News Food

New study from the Nordic Council of Ministers shows that more than 3 million meals are served from food banks every year based on food that otherwise would have been wasted.

A new Nordic study financed by the Nordic Council of Ministers through the Nordic Green Growth programme has shown that 3 million meals based on surplus food were served in the Nordic countries in 2013, although there are only 3 “official” food banks in the region.

The study also documents the importance of local redistribution of food directly from retailers and food producers to charity organisations.  Whereas the three food banks served about 1,6 million meals, it is estimated that direct redistribution contributed with at least 2-3 times as much.

Redistribution of food is a good example of social innovation, where available resources are used more effectively with both environmental and social benefits, according to the report:  Food Redistribution in the Nordic Region – Experiences and results from a pilot study.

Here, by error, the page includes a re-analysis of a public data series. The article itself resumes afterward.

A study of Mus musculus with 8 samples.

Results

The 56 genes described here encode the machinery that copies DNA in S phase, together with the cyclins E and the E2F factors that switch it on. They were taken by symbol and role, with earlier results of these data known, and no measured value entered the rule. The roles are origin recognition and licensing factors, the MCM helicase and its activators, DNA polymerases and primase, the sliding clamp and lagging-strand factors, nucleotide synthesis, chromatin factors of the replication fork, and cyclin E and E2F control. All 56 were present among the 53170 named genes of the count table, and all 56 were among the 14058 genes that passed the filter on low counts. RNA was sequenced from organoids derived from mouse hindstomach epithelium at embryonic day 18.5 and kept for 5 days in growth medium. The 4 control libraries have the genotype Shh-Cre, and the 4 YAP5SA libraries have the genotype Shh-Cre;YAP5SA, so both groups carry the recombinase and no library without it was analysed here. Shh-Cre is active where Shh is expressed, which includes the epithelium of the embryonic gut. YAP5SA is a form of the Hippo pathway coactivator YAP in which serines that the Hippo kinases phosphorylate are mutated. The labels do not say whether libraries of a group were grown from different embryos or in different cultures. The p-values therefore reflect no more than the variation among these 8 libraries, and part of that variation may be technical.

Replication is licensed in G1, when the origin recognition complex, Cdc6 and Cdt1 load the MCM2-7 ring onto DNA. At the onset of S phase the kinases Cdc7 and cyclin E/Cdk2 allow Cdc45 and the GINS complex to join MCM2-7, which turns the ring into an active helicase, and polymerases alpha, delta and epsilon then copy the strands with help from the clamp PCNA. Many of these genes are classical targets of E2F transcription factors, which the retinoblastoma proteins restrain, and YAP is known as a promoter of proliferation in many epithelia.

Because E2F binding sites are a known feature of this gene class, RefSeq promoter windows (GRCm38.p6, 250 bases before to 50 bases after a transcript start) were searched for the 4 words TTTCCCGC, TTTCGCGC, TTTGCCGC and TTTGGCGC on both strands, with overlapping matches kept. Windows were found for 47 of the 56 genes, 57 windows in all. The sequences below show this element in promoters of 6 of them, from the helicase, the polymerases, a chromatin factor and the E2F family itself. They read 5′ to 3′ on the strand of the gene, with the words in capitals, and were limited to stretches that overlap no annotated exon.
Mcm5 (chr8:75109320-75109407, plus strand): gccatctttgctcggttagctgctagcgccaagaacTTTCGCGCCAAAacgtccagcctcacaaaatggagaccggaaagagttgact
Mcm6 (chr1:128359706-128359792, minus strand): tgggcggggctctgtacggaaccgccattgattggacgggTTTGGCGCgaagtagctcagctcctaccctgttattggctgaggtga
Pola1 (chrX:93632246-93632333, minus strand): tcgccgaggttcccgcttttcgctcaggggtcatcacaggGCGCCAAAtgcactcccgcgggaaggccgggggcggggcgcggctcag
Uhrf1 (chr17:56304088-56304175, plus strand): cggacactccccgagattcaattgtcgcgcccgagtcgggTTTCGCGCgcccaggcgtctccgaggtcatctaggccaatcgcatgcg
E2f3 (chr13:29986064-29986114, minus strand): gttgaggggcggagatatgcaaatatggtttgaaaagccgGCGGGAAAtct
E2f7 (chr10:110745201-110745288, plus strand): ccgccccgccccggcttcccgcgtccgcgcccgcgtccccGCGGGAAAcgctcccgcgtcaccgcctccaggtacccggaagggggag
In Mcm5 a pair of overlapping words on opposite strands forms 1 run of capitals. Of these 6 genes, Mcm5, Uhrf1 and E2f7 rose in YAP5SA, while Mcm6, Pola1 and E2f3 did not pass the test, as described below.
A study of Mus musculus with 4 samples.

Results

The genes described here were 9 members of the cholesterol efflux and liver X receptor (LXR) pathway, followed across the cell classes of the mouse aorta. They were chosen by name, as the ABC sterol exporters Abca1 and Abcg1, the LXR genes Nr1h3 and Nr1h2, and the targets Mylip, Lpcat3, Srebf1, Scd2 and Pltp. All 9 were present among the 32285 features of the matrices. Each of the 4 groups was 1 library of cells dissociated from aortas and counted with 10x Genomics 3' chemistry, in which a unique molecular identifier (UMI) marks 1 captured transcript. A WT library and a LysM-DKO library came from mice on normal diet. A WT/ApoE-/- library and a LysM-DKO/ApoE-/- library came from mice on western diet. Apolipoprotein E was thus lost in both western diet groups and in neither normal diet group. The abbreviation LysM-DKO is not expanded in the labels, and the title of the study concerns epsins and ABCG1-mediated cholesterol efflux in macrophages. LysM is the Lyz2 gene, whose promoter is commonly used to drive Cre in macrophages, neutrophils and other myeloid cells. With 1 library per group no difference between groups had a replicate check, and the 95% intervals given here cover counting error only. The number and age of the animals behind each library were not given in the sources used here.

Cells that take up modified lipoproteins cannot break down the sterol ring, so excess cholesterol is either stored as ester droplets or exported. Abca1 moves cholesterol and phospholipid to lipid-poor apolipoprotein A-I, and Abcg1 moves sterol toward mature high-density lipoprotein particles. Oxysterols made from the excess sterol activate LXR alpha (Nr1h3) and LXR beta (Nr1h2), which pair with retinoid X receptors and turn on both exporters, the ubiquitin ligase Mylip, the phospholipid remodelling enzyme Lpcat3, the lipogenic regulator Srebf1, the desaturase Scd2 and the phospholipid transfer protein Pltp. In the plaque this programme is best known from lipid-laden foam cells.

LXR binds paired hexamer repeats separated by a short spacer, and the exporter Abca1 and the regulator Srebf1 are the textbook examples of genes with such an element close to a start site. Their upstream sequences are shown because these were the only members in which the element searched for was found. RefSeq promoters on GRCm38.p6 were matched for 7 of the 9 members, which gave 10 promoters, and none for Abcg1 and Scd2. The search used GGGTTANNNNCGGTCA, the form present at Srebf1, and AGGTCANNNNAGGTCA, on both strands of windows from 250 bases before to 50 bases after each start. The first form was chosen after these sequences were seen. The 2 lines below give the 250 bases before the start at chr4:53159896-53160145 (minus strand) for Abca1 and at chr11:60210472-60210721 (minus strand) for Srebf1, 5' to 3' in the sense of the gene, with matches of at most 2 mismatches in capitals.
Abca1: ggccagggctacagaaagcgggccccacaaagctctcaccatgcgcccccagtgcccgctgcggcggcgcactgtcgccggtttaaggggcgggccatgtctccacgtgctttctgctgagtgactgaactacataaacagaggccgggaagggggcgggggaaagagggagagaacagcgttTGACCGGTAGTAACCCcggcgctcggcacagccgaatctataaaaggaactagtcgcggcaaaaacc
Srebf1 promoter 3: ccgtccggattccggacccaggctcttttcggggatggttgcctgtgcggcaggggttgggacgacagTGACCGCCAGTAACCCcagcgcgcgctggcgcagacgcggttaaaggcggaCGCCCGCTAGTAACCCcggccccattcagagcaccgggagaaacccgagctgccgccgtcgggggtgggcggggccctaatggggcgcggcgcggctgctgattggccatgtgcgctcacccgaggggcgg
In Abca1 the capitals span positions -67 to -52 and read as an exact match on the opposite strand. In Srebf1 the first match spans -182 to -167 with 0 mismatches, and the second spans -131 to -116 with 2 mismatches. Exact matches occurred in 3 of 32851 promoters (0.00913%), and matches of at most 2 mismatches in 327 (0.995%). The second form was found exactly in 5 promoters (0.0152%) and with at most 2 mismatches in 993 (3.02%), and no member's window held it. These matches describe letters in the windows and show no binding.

First study done

This is the first Nordic study on food redistribution and one of very few systematic studies of food redistribution in Europe.  National pilot studies have been done in Finland, Sweden, Denmark and Norway, including both food banks and local redistribution.

In Europe there are 257 registered food banks that connect companies that have surplus food with charity organisations that use surplus food in serving meals to people in need Food banks are classified as food business operators in a legal context, and must fulfil all requirements according to food safety rules and regulatory measures harmonized at an EU level.  The new study gives an overview of how regulations are practiced in the Nordic countries with regard to food redistribution.

Big potential

Food redistribution has a big underutilized potential in all Nordic countries, and a follow up project under the Nordic Council of Ministers will look at this. The project will involve the food banks directly together with food safety authorities and research institutes.

This phase II project will focus on organisational models, development of quality systems and systems for tracing and registration of food being redistributed, as well as how regulations are practiced in each country to make redistribution safe and effective.

The project on food waste is part of the Nordic Prime Ministers- Green Growth Initiative, looking at ways to cooperate across the Nordic countries in a number of areas to strenghten a sustainable development and a green economy in the Nordic region.